Monday, April 28, 2014

The 12-step process: Sin as an addiction

I'd argue that addiction isn't just to alcohol, meth or coffee. You can get addicted to sin.

I caught myself, a few days back, driving home from work and looking down my nose at the drunkard who had only just stumbled from the bar down the street from my apartment.

It's a common occurrence with this man in particular, and every time I see him slowly making his way up the sidewalk to who knows where, I picture his life - filthy home, broken-down car, no money to speak of save the dollars spent on alcohol and an emptiness that comes from wasting a lifetime as a drunkard.

I picture those things, and pity the man.

"Thank you, Lord," I think to myself. "Thank you for blessing me and giving me the support and tools I needed to keep out of addiction to drugs and alcohol."

This afternoon, though, as I drove home from the office for lunch, the thought struck me that I am not so different.

After all, how similar are sin and alcoholism?

Take for example, an excerpt from the Alcoholics Anonymous' first step to recovery, but switch 'alcohol' with 'sin'.

"When sin begins to take control of a family, usually one of the first things to go is honesty. The sinner lies about how much he or she sins and those around them begin to cover for him as the problem progresses and they too become less than honest.

This cycle of lies and keeping secrets can go on for years and that in itself can create an atmosphere that actually causes the situation to deteriorate faster. Even the children get caught up in the lies. It's a family disease.

The family can become totally controlled by diseased thinking. Although the illusion of control may continue, their lives become unmanageable, because sin is really in control. It is cunning, baffling, and powerful."

Telling, isn't it? Now, I'll make it clear that once we accept the love of Christ, we are no longer bound by sin and it no longer has power over us. It's not really in control, and it becomes a choice, but at the point of acceptance of Christ, we should also accept and be honest that we are - or were - in fact, sinners.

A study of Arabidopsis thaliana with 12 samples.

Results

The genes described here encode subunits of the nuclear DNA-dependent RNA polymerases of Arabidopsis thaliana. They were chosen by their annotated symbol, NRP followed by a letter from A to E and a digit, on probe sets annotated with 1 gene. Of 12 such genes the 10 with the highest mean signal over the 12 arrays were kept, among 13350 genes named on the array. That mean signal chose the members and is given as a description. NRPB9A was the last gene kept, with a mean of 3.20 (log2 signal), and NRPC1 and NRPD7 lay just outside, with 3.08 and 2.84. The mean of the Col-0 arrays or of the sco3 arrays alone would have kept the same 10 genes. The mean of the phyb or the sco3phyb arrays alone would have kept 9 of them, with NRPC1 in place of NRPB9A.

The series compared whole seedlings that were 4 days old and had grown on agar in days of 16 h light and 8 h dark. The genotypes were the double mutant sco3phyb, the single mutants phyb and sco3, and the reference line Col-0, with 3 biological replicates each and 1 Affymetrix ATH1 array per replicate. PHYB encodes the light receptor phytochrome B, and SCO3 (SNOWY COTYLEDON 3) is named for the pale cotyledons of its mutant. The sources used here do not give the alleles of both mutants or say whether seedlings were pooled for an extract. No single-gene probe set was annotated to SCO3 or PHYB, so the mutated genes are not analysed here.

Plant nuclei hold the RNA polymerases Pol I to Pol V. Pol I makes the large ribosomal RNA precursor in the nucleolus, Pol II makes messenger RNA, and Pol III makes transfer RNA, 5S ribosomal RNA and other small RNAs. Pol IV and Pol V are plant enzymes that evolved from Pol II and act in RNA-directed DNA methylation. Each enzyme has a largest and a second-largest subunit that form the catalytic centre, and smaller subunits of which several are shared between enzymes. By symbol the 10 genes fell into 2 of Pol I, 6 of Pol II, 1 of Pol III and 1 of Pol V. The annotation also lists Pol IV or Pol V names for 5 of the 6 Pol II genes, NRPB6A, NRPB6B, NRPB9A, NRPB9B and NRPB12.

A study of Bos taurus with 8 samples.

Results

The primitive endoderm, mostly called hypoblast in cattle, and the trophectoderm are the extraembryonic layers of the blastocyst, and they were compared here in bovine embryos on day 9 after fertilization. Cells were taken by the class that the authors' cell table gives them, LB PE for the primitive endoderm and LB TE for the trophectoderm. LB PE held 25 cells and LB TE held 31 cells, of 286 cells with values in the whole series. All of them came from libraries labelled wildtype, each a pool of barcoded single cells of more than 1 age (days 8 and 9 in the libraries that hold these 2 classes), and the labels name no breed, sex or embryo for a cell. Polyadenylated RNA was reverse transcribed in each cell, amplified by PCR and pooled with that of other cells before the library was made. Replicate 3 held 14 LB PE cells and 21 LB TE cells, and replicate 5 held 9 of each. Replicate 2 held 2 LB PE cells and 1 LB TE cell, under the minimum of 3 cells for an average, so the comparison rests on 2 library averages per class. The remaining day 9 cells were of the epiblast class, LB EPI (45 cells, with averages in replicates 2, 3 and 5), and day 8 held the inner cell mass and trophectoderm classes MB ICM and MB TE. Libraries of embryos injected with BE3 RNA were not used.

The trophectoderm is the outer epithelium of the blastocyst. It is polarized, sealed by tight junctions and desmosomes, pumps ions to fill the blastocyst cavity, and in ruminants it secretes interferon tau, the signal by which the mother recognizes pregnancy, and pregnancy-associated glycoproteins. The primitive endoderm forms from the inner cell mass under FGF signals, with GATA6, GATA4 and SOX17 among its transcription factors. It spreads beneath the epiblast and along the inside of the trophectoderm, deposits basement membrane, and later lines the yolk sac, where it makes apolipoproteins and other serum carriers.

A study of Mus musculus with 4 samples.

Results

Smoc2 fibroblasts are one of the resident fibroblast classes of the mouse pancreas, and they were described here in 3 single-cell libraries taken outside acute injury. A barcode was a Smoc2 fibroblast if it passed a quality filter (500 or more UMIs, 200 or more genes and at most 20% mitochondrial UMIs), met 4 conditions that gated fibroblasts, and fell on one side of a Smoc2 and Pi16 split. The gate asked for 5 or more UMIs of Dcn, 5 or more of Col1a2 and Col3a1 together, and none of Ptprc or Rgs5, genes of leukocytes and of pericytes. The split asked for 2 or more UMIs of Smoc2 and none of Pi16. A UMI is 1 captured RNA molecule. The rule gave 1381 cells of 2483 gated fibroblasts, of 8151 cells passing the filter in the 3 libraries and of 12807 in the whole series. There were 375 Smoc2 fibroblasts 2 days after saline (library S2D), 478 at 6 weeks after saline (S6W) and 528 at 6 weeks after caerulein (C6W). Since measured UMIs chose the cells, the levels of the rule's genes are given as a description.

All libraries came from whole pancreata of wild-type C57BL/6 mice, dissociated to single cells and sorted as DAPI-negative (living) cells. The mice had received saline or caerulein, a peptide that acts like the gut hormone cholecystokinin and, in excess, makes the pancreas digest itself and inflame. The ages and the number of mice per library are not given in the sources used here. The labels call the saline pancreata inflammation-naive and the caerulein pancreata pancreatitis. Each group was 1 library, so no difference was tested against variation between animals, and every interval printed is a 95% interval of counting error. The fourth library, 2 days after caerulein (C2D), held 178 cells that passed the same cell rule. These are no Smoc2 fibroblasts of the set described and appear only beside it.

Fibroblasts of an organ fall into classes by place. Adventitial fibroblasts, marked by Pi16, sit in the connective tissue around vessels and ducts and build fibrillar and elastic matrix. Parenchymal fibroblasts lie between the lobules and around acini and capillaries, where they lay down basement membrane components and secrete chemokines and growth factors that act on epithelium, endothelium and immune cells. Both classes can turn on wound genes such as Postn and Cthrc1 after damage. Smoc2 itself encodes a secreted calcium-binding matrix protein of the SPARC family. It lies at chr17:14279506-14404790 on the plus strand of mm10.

Australian pastor Glen Scrivener, who has blogged extensively on the subject, puts it beautifully in his entry from 2010: Sin is addiction.

"Sin is a power over us that is disarmed and replaced by Christ," he says, arguing that the gospel of grace depends on the fact that we are helpless to escape sin without God's gift and Christ's sacrifice.

In that light, though the process of salvation begins with that admittance, we will never get to a point in our lives where we can function free of sin without the love and grace given to us on the cross.

Like a recovering alcoholic - they're never a 'former alcoholic,' but rather constantly in recovery - we will always rely on God to build and support us as we work to become more like him.

Yes, Christ gave us victory over sin, but we still live in a sin-ridden world and won't be free from temptation until we are with him in glory.

With that said, I want to start on a journey to apply the 12-step process to sin itself. I have my sinful habits which, when compared to the drunken man at the bar, begin to look a lot more like addiction than I'd ever seen them.

In the 12-step process, honesty is the first step to recovery and not surprisingly, it is the only way to build a foundation for a life in Christ. Honesty about past wrongdoings, honesty about current habits and honesty about future fears and insecurities NEED to be put on the table in some form or another in order to heal and allow Christ to chase out the lies and rebuild the truths about us.

It's uncomfortable for me. I've discovered my vanity over the last few months, and to admit wrongdoing regardless of the severity, would tarnish my self-projected image.
That's something that I'll have to work on as I think and meditate on this first step. How can I work on getting my pride out of the way?